My travel mistake
So on my travels in 2007, I was in the city of Fulton, Kentucky, which is in the very southwestern tip of Kentucky, right on the border of Kentucky and Tennessee.
(As you can see, it’s TOTALLY on the way from Cincinnati to Chicago). Anyway, while I was there, I thought I would take a short detour to get 2 new counties in Tennessee (Obion and Weakley). There is a road that goes east of Fulton, Kentucky State Route 129 (pictured below)
I thought that this road was on the KY/TN state border (I mean come on, it’s called STATE LINE STREET!) and so driving on the south side of the road would count me as having visited Tennessee. It wasn’t until a few years later that I realized that the entirety of the road was in Kentucky (perhaps I should have been clued in by the fact that it’s KENTUCKY State Route). In any case, I had to take 2 counties off of my total.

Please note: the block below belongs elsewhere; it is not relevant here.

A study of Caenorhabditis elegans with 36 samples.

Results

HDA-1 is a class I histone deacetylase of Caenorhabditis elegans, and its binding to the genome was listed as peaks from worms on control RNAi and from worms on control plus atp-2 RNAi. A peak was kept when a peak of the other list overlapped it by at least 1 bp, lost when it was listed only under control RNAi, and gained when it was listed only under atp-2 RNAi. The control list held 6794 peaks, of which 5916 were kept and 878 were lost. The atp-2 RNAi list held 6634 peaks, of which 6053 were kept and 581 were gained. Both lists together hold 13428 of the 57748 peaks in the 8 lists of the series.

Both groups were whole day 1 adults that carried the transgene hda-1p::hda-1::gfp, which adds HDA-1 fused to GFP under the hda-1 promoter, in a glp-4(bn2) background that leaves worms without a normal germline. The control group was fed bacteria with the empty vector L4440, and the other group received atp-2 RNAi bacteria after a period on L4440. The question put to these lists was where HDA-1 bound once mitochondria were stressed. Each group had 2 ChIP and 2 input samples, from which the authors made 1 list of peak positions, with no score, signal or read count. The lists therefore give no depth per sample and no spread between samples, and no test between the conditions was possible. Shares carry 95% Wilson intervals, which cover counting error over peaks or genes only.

Fixing the mistake
For the past week, we have been in Branson, Missouri. As part of our journeys to, from, in and around, I have added 43 new counties to my total (marked in dark turquoise on my county map)
Most importantly, over 9 years later, I have now finally visited Obion and Weakley counties in Tennessee, along with Lake County, which is in the very NW corner of Tennessee and quite hard to get to as it’s nowhere near anything. If I had had a bit more time, I’d have continued north in Lake County a bit more to visit the Kentucky Bend, which is a small peninsula of Kentucky that is only accessible by going THROUGH Tennessee. It was cut off from the rest of Kentucky by the 1812 New Madrid earthquake.